March Planned to Honor Pets that Died from Tainted Pet Food


Additionally, marches will be held in Canada in Kitchener and Ottawa. Organizers of the march are hoping to push legislators to protect pets so that tainted ingredients never make it into pet food again.

cat food recallSince the initial recall announcement over 100 brands of pet food have been recalled, resulting in 60 million containers of food being removed from store shelves. However, despite the massive recall the U.S. Food and Drug Administration (FDA) reports that some of the known contaminated pet food is still available for sale, meaning that consumers may still be unknowingly purchasing pet food that is harmful to their pets.

Senator Dick Durbin said at a Senate hearing that there is still a lot that is unknown about the pet food recall. For example, the FDA still has the official number of pet deaths at 16, although many estimates are much higher than that figure. Some estimates put the number of dog and cat deaths at 4,100 and the number of additional illnesses at 12,000. Those numbers are self-reported and therefore unofficial but even if only a portion of those numbers is confirmed many more than 16 animals died because of the contaminated food.

The Senate hearing was called to discuss what went wrong with the Menu Foods recall and how the industry can be more closely regulated to prevent this from happening again.

Other questions also remain about the recall, such as what the source of the contamination was and why the recall occurred at such a slow pace. Menu Foods has come under fire for not alerting the public to the contamination for three weeks after first learning about it. According to Durbin, Menu Foods knew about the contamination on February 20, but did not notify the FDA until March 15.

The FDA is still investigating the contamination. What is known is that wheat gluten, imported from China, was contaminated with melamine. Melamine is a chemical that is used when producing plastic utensils and fertilizer. The chemical acts as an industrial binding agent, flame retardant and a polymer in manufacturing. It is not yet known how the wheat gluten became contaminated or how the generally non-toxic chemical is linked to the animal deaths but the FDA has confirmed that melamine was found in the pet food and also in the urine of cats that died after eating contaminated food.

The FDA website notes that a study was conducted in 1945 in which dogs were given 125 mg of melamine per one kg of body weight. The study found that melamine acted like a diuretic in those dogs but did not cause any toxic effects.

According to an article in the North County Gazette (April 15, 2007) only 30 percent of pet food plants undergo an FDA inspection every three years. The Menu Foods plant that had the contaminated wheat gluten had never had an FDA inspection before the contamination was announced.

There was some concern that the contaminated wheat gluten had entered the human supply chain, but so far no evidence has arisen suggesting that this has indeed happened. However, the Centers for Disease Control and Prevention have been asked to monitor for any signs that humans have eaten contaminated wheat gluten.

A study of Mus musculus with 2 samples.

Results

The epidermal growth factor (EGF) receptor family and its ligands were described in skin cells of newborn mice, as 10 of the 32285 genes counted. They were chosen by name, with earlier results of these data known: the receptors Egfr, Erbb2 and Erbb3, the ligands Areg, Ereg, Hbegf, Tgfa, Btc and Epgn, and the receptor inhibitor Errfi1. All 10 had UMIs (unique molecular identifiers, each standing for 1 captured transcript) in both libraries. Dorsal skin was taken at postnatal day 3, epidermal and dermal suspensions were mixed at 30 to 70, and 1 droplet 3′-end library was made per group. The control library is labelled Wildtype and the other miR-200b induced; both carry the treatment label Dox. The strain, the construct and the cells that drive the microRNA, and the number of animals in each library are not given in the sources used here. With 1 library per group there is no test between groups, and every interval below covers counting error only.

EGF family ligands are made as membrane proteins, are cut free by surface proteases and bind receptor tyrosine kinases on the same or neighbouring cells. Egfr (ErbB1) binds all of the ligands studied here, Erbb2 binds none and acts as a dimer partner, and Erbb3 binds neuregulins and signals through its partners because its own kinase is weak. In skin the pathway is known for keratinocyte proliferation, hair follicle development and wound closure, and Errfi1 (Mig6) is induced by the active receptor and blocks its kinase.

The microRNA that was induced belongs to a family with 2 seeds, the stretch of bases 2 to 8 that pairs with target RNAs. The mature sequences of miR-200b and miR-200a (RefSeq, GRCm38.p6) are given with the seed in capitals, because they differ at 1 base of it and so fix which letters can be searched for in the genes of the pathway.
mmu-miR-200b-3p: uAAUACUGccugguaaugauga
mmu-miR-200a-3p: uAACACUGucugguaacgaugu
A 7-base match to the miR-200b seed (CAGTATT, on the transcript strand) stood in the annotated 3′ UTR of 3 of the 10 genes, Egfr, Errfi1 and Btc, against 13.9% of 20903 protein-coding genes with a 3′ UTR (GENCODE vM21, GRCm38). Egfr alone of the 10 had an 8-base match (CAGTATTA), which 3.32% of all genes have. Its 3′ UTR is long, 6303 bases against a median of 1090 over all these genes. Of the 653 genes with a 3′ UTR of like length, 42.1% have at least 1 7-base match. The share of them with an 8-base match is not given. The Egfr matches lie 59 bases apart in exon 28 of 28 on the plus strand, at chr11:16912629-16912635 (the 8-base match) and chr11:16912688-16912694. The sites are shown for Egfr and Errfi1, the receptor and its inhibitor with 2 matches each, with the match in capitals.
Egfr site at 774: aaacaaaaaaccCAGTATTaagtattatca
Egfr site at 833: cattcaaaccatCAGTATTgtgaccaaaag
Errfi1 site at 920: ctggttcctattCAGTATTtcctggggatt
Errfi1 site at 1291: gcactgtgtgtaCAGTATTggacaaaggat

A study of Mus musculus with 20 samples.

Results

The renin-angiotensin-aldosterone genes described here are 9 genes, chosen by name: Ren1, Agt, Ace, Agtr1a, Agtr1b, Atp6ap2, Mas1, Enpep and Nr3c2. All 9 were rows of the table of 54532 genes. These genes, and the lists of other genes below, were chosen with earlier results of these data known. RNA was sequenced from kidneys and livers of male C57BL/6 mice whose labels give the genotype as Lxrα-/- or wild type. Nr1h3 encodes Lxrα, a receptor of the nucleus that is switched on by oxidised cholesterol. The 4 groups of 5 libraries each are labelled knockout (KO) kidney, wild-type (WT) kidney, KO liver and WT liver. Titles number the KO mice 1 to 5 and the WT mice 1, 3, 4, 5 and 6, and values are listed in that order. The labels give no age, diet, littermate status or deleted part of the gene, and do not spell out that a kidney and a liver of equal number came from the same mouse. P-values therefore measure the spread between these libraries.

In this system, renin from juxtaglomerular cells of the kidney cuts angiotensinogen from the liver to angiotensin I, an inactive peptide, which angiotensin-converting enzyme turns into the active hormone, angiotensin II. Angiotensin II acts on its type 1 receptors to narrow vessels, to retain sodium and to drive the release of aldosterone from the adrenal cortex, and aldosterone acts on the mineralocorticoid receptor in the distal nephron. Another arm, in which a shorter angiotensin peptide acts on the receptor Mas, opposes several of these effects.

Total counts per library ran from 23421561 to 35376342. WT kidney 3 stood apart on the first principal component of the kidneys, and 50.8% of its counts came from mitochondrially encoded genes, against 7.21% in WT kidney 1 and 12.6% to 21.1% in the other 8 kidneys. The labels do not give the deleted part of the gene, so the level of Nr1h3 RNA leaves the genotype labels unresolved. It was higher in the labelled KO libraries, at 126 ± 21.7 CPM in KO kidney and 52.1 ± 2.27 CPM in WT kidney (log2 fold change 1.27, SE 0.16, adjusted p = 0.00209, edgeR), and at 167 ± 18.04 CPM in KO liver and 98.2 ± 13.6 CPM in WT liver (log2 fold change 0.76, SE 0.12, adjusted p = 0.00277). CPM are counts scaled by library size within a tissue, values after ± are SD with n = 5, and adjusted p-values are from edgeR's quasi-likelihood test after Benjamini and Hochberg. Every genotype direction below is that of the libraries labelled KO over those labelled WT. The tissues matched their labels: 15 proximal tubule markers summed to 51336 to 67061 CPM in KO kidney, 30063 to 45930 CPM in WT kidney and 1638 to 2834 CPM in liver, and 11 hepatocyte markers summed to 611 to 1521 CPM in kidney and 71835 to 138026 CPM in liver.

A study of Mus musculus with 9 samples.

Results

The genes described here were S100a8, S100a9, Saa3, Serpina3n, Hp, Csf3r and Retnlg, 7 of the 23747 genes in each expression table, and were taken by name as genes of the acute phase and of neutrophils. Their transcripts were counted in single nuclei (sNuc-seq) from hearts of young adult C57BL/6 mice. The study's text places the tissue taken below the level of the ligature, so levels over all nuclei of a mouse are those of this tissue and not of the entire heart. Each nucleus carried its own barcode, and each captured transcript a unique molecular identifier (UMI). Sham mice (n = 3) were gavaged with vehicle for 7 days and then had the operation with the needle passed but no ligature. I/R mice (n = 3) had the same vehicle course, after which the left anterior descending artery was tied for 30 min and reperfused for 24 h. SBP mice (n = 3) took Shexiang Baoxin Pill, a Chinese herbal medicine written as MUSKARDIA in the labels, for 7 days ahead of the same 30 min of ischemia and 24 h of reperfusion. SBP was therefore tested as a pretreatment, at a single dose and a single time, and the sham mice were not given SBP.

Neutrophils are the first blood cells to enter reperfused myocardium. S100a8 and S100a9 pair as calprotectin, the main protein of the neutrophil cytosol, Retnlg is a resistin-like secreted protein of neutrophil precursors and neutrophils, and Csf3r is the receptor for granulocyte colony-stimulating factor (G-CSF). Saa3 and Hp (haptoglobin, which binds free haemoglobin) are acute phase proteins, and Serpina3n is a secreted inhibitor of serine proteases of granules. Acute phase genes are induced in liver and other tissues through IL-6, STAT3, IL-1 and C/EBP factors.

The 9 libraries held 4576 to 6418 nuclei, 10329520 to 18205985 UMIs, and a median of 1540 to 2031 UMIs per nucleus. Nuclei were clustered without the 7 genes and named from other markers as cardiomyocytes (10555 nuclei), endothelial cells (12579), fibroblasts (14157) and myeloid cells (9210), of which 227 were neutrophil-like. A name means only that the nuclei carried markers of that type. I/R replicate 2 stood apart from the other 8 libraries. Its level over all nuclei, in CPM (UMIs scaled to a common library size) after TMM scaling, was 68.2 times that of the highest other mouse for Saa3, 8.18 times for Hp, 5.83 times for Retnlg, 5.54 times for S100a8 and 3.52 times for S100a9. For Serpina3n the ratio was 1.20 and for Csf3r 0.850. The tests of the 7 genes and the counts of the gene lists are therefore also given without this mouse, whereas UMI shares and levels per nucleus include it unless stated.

The contaminated pet food has also affected pets in other parts of the world. Contaminated food was sold in Canada resulting in the death of pets and at least two dogs' deaths in Puerto Rico have been linked to the recalled pet food. The dogs died of kidney failure after eating recalled dog biscuits.

Meanwhile, lawsuits against Menu Foods are piling up. The suits claim Menu Foods was negligent and breached an implied and expressed warranty in allowing the contaminated food to be sold to consumers. A lawsuit that was filed in Illinois has also accused the pet food company of fraud for the alleged delay of the recall. Lawyers in that suit are requesting a court order to prevent the pet food company from destroying the recalled food, which could be used as evidence in the lawsuit.

A fraud complaint may actually make it easier for plaintiffs to win damages in the lawsuit because negligence claims raise the issue of how the law values pets. The law considers pets to be property, similar to a television or a car, which does not take into account the emotional attachment that many people have to their pets or the feeling that a pet is a member of the family. Because a pet is legally viewed as property, plaintiffs cannot sue for emotional damages, they can only sue for the monetary value of the pet.

In addition to filing suit against Menu Foods, some pet owners are suing the companies that sold the contaminated pet food. A class action lawsuit was filed in California earlier this month against Del Monte Foods after the company's foods were part of the Menu Foods recall. The suit seeks reimbursement for veterinary bills that were paid by pet owners whose animals ate the tainted food.

According to one report, by April 7, Menu Foods faced at least six class action lawsuits related to its pet food recall. The company also faces lawsuits from Canadians whose pets died.

The FDA website has a full list of recalled foods. If your pet has eaten the recalled food, watch the animal for signs of illness. If any signs of illness arise, such as lethargy, loss of appetite, sudden weight loss, diarrhea, changes in frequency or amount of water consumption, changes in frequency or amount of urination, or vomiting contact you veterinarian immediately. If it is caught early enough, acute kidney failure can be reversed. If it is not caught early enough, it is fatal.

Menu Foods Legal Help

If your pet has suffered or died as a result of eating pet food, please contact a [Menu Foods] lawyer who will evaluate your claim at no charge.